Public vs. Private? What are the right questions to ask?

December 11, 2014

This article by Mark Dynarski posits that studies comparing test scores between one set of public schools and one set of private schools (actually parochial Catholic schools which are different than accredited independent schools like Walden School) may not be asking the right questions.

In 2012-13 Walden School’s tuition was $17, 763 while LAUSD was spending $19, 070 average per student enrolled for the same year. Pasadena Unified spent less on average per student – only $8,759.

If all schools could learn how to deliver an excellent education for all students at a reasonable cost, would not we all benefit?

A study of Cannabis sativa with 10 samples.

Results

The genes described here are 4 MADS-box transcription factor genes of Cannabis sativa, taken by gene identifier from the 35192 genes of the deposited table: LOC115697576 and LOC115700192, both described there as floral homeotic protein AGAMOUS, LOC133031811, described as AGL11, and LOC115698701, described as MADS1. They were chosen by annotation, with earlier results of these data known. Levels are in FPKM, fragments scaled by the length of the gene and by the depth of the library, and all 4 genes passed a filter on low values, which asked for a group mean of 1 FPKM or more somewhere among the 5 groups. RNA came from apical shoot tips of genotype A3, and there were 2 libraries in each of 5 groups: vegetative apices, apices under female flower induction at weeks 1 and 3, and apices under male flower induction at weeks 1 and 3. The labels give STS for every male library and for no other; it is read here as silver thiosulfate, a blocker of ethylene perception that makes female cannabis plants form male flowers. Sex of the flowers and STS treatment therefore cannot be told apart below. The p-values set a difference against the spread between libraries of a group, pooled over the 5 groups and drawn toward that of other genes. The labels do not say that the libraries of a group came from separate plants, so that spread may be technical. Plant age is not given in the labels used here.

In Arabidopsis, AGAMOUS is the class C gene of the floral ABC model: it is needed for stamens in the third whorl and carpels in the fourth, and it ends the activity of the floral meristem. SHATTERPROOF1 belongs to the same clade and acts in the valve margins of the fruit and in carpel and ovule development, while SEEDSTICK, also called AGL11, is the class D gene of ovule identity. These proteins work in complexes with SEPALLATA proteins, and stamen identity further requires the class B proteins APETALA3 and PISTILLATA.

19th century education advocate Horace Mann argued that the path to an informed citizenry is through universal education. Early 20th century educational theorist John Dewey argued that the purpose of education is for each student to realize their potential and use their education to make advances in society for the greater good.

At Walden School, we believe that each child has a gift and it is our job to nurture that gift and to support a child’s development as they acquire their “voice” and help them make a larger contribution to our world. Through a Walden education, students learn reflective practices that help them navigate the challenges of living in the 21st century while at the same time ask thoughtful questions that challenge the status quo. At Walden School, the questions are just as important as the answers.

Read more here from NAIS President John Chubb in his critique of “The Public School Advantage: Why Public Schools Outperform Private Schools.”